According to a document released on Monday from U.S. Immigration and Customs Enforcement, “Between FY 2010 and FY 2014, there were 121 unique criminal aliens who had an active case at the time of release and were subsequently charged with homicide-related offenses.”
Besides murder, there are many instances of violence committed by released immigrants, and the Department of Homeland Security said that it released 36,000 violent criminals in 2013, as reported by Town Hall.
In one case, ICE was unaware that an illegal immigrant had been cited in court orders for making death threats. ICE released the immigrant, Apolinar Altamirano, who went on to be arrested for murder in January 2015. Mr. Atamirano would not have been released by ICE if they had known about the court orders.
As reported by the Washington Times, “Not all criminals are subject to mandatory detention,” according to ICE. Under current policy, detention cannot be used as punishment for crimes or for being in the country illegally. Instead, they said it should be used to make more deportations possible.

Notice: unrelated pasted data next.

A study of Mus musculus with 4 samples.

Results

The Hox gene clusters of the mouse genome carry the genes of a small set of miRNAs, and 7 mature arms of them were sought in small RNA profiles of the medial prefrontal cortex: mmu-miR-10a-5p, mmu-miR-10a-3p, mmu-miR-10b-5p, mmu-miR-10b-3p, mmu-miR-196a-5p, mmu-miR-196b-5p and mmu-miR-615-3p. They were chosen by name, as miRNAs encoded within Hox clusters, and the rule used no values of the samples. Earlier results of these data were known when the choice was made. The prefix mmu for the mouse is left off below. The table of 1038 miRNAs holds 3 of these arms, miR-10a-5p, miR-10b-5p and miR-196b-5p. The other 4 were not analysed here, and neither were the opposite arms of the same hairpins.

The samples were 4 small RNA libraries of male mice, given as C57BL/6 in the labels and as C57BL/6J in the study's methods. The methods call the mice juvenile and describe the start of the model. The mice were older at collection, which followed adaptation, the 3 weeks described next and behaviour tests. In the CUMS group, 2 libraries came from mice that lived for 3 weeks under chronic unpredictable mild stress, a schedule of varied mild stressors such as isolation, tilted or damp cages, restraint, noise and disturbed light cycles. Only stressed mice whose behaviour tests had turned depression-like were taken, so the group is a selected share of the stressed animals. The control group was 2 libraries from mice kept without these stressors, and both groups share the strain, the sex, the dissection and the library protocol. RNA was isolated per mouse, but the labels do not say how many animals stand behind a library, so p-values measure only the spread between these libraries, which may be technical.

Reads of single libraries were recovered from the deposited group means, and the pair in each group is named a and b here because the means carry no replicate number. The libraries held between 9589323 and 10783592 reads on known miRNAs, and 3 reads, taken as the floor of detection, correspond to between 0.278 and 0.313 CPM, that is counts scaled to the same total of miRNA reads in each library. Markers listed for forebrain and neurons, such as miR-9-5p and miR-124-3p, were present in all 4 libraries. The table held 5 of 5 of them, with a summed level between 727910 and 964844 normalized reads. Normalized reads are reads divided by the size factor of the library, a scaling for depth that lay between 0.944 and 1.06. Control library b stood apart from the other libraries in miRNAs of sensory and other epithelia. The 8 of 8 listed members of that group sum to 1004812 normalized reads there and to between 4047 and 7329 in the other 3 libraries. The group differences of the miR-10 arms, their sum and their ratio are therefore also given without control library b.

In response to criticism, ICE changed its policy so that cases be approved by a supervisor before immigrants with criminal records are going to be released.
Some think that these murders could have been prevented if ICE had not released these 121 immigrants. Senators Chuck Grassley and Jeff Sessions began investigating the issue, sending a letter to Homeland Security Secretary Jeh Johnson, Secretary of State John F. Kerry, and Attorney General Loretta Lynch. The Senators are accusing them of not employing all of the necessary tools available to prevent criminal immigrants from being released.
Part of the problem is that Mexico and other nations are refusing to take back their citizens who commit violent crimes. According to a Supreme Court ruling, the U.S. cannot detain foreigners for more than a six month period if they are not accepted by their nations of origin. Because of this ruling, thousands of violent immigrants are released.
Republicans have tried to get the State Department to utilize diplomatic techniques like not giving visas to high-ranking officials in order to force other nations to take back their citizens who are violent offenders.
Kerry, Lynch, and Johnson must respond to the Senators’ letter by July 6.